Monday, February 5, 2018

Unknown Wounds

Over the last few months, it is almost as though the air has changed. Once upon a time, I worked with victims of sexual and domestic violence. I also provided community trainings to other helping agencies. I’ve never felt the urgency or the desire to speak up for victims of sexual harassment, assault, and rape the way I do now. It’s difficult. It’s messy. It changes your relationships with the people in your life. It can take a toll on your faith in God, the Church, and in people. 

Over the holidays, we visited family. I was cleaning up a dinner mess one night when part of a discussion in the next room caught my attention. Someone made a comment about recent allegations in the entertainment industry and someone else concurred. I tried to stay out of it. I was going to be the lone dissenter. The only one willing to side with the victims. I knew it would not be a fruitful conversation. I managed to busy myself for a few minutes longer, but then I heard a tween speak up in agreement. I couldn’t stay silent. The urgency was overwhelming.
Those adults defending the reputations of men they’d never met wanted proof. They wanted evidence of intimacy crimes that often doesn’t exist. They wanted to be able to rely on the magic of rape kits (which didn’t always exist) to bring justice for all. It was easy enough to concede that maybe in some cases sexual assault or rape was a criminal offense, but the blame lays with the victims for not reporting. (Assuming those in authority cared.) As I tried to explain there are (perhaps seemingly trivial) behaviors that lead to us normalizing sexual violence (cat calling, harassment, etc.) the debate exploded. 

I gave examples of how I have normalized harassing behavior by glossing over it in my own life.  I told them how one of the first nights I was getting to know my now spouse I was faced with the decision to trust that he, a man I barely knew through a trusted friend, was more safe than the man following me around the party so he could repeatedly grab my ass. This wasn’t a good example I was told, because men get their asses grabbed also.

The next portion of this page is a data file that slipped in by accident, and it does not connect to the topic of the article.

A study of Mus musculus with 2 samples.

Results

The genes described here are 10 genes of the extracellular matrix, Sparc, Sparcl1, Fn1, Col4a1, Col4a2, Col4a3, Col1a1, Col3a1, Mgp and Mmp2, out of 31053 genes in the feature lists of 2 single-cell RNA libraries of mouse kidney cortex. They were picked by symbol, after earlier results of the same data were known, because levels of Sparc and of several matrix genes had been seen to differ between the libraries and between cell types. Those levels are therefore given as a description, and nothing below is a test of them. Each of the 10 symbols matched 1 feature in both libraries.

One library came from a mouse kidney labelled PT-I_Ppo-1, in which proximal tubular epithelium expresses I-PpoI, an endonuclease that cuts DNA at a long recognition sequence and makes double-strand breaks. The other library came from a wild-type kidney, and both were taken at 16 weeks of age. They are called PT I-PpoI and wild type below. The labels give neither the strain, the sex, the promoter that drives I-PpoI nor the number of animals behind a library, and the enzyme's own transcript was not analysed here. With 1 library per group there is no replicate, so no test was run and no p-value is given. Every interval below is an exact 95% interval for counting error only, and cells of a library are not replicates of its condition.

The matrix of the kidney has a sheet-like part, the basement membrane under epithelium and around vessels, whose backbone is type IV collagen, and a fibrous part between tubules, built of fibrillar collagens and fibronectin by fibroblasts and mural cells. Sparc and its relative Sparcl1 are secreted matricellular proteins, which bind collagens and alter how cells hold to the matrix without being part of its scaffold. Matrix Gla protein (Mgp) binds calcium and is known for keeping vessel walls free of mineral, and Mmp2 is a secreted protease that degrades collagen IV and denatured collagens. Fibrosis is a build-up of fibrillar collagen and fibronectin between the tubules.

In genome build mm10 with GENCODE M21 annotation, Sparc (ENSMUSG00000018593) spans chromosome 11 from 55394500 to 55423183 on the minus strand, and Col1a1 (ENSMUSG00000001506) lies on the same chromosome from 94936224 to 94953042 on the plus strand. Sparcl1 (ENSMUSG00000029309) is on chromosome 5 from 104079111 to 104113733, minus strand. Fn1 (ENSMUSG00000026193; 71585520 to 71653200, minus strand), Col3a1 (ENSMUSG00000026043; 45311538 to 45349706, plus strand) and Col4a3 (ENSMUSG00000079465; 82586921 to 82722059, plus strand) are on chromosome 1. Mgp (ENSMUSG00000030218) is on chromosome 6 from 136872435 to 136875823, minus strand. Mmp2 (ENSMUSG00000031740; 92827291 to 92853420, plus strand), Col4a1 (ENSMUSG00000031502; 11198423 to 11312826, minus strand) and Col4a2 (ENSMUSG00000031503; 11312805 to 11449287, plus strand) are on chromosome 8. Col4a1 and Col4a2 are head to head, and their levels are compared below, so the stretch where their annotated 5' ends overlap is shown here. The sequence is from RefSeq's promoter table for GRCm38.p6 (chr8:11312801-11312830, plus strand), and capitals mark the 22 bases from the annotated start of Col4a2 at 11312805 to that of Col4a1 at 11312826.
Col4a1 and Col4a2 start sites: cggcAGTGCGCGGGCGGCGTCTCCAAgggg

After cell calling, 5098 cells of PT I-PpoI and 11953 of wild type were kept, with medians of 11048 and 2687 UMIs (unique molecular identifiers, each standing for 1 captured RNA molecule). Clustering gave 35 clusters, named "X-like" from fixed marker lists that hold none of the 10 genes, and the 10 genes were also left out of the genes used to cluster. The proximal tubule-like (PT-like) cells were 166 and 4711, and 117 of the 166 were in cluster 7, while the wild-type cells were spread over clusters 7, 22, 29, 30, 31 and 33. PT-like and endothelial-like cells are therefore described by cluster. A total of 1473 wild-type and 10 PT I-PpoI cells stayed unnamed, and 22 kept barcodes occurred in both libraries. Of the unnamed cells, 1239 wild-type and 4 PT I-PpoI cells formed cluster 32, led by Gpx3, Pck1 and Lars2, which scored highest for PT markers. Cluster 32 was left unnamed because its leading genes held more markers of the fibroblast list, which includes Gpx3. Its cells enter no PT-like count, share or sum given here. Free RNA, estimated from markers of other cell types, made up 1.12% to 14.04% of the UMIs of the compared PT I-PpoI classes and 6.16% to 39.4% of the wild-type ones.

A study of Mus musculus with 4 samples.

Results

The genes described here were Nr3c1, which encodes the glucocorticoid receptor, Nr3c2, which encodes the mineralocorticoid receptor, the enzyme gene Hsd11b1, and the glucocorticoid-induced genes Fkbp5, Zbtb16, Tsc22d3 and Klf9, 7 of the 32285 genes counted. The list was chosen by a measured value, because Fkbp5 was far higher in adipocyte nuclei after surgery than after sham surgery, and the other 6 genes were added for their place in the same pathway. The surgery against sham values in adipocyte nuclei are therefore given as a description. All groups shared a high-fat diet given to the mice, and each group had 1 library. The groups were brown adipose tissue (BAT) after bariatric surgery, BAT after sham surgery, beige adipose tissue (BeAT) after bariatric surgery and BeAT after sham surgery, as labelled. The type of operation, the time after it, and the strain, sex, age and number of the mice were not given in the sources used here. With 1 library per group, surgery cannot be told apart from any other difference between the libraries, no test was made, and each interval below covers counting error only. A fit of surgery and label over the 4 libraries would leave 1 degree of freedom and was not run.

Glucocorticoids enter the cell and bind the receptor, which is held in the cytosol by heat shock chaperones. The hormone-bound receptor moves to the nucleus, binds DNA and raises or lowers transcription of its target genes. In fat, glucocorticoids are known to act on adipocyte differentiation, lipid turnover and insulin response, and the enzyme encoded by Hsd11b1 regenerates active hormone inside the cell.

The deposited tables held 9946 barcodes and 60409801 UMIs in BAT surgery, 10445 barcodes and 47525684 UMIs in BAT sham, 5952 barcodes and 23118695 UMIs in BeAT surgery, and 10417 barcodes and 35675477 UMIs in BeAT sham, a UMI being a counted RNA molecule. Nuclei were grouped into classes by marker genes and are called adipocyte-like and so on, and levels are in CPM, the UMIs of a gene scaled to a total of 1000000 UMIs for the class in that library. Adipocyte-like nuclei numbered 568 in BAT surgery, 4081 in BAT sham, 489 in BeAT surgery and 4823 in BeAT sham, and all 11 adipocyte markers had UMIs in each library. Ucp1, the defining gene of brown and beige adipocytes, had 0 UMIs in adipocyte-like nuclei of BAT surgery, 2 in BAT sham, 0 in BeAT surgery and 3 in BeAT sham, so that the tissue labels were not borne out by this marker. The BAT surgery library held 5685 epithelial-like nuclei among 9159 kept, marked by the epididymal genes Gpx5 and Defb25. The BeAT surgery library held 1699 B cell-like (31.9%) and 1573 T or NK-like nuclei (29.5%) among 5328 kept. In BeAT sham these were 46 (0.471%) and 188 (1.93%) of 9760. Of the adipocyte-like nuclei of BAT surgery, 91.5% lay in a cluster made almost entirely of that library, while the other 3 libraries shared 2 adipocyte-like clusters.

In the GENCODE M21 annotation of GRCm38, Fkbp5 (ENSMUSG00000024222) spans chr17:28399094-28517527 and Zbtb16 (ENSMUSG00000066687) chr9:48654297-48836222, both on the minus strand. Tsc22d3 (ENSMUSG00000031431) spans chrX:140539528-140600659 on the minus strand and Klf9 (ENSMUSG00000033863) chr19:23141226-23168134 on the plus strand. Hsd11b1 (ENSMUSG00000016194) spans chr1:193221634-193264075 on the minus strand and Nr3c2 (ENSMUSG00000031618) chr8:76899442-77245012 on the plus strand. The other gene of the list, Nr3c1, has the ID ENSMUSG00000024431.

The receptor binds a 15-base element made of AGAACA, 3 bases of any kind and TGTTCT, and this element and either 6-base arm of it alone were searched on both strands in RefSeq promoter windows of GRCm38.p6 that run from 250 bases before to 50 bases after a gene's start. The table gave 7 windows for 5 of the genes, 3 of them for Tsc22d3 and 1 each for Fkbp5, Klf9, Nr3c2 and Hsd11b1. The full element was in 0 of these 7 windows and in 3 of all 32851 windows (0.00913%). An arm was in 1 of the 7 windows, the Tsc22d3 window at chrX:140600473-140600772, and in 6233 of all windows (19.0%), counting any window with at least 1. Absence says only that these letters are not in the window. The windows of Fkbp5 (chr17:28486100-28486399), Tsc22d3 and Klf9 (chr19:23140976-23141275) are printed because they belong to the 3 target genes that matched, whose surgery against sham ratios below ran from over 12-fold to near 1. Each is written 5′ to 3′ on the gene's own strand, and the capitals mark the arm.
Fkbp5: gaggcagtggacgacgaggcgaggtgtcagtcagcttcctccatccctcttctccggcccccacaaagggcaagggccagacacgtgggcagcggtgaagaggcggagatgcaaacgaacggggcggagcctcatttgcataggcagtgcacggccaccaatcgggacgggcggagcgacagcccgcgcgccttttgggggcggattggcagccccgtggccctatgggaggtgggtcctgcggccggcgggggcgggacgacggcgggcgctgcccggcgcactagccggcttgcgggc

I was asked for examples of harassment that are wrong but not necessarily illegal. Once again, my own experience came to mind quickly. 

I told my loved ones about the Thanksgiving night when I was home from college, catching up with one of my two male best friends. I was telling him happily about the guy I had just started seeing, and how I could not wait to get back to see him again. My closest and dearest friend, someone I had never once felt unsafe with and often ran to in times of crisis, took this as an opportunity to climb on top of me. No matter how hard I struggled, no matter how many times his lips met my “No.” “Stop.” he pressed on. 

My loved ones’ response? “Did you report it?” I could only ask “Report what?" I wasn’t raped. He didn’t need to take off my jeans or my sweater to fondle me. “Report it to who?” There is no evidence. Who would care?

“You should have told his mother.”

In this moment, I remembered why I would remind my clients to be sure the person they chose to disclose trauma to was a safe person. In this moment, I realized the last few months had unknowingly opened a wound I did not know was there. As I walked away, I heard the child say again, “Those women should have spoken up sooner.”

I sat in the downstairs room alone. I wondered if I had mentioned his mother did not speak English, would it matter? If I had told them I begged my dad to take me back to school early, would they see the hurt? If I had told them that I had called our other best friend once I was back at school to confide in him and that he told me he was sure it did not happen the way I had described it, would that help them to see my point? If I marched back up the stairs and explained how the worst twenty minutes of my life up to that point meant I lost both of my best friends, would they understand?

I stayed downstairs. One by one, my young children came down. One by one, I tucked them in, vowing to be the safe person in their lives. 

Speaking up hurts, but it is important work.